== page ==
Original Date: 09/15/2003
Revision Date: 01/18/2007
Best Practice : Quality Partnership Council
United Defense, L.P. Ground Systems Division Aiken’s Quality Partnership Council is improving the business acquisition process by eliminating the need for unnecessary planning and increasing the opportunity to acquire new business.
United Defense, L.P. Ground Systems Division (UDLP GSD) Aiken examined its business operations in acquisition management and is acquiring new customers by activating conventional business contacts. While each customer representative expressed interest and intent, the internal procedures of the customer would consistently change the operating structure, making it difficult for customers’ representatives to adapt and keep up. UDLP GSD Aiken tried several ways to minimize the effects of its customers’ dynamic structure in transacting new business.
Previously, UDLP GSD Aiken’s new business acquisition methodology had become redundant and inefficient in the use of time, manpower, and resources. The process jeopardized UDLP GSD Aiken’s status to compete and grow in a long-term business environment. In its original business operations strategy, the company was accustomed to manufacturing large amounts of big budget defense items monthly. Acquiring new business was becoming more difficult because the relationship between the contractor and the customer did not allow for quick resolutions of problems. Each time a business matter was handled, UDLP GSD Aiken dealt with different customer representatives who did not communicate with their predecessors. This tied up money and resources that were needed for equipment modernization. When new business was obtained, the products were inspected and reviewed by the contractor and the customers’ representatives. As a result, unnecessary redundancy, increased overhead costs, wasted production time and manpower indicated a need for change.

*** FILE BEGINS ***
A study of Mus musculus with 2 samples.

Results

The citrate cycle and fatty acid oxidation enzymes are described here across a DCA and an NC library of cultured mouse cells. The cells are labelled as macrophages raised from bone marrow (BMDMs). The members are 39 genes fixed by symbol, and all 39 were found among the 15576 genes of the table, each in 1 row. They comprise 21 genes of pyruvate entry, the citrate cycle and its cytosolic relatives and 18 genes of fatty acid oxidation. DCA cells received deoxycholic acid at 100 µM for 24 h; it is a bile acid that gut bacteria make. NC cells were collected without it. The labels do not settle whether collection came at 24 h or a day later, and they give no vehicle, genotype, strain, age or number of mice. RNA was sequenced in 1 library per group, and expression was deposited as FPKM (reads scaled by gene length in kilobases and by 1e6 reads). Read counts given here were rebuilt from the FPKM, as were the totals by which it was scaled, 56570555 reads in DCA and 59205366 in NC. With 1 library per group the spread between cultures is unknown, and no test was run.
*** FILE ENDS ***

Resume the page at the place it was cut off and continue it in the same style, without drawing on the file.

UDLP GSD Aiken formed the Quality Partnership Council (QPC) made up of representatives from various areas of contracting to handle this process and resolve the issues. The QPC meets quarterly to identify roles and responsibilities, set schedules, and make recommendations for the best way to achieve new business in acquisition, engineering, quality, production, logistics, and finance. It then empowered representatives (known as czars) of both the customer and contractor to negotiate these policies and agree to final terms regarding business ventures. This new process yielded tremendous benefits. The QPC incorporated 22 standard Quality Assurance (QA) clauses across several programs. The clauses have been modified into six contracts, resulting in enormous cost savings since 1995. It developed and adopted steel and aluminum weld codes patterned after American Welding Society standards, and defined a way for both the customer and contractor to have equal representation and control over all business matters.
Since UDLP GSD formed the QPC, cost savings have increased and waste has greatly decreased, enabling the company to achieve a long-term business strategy that previously did not exist.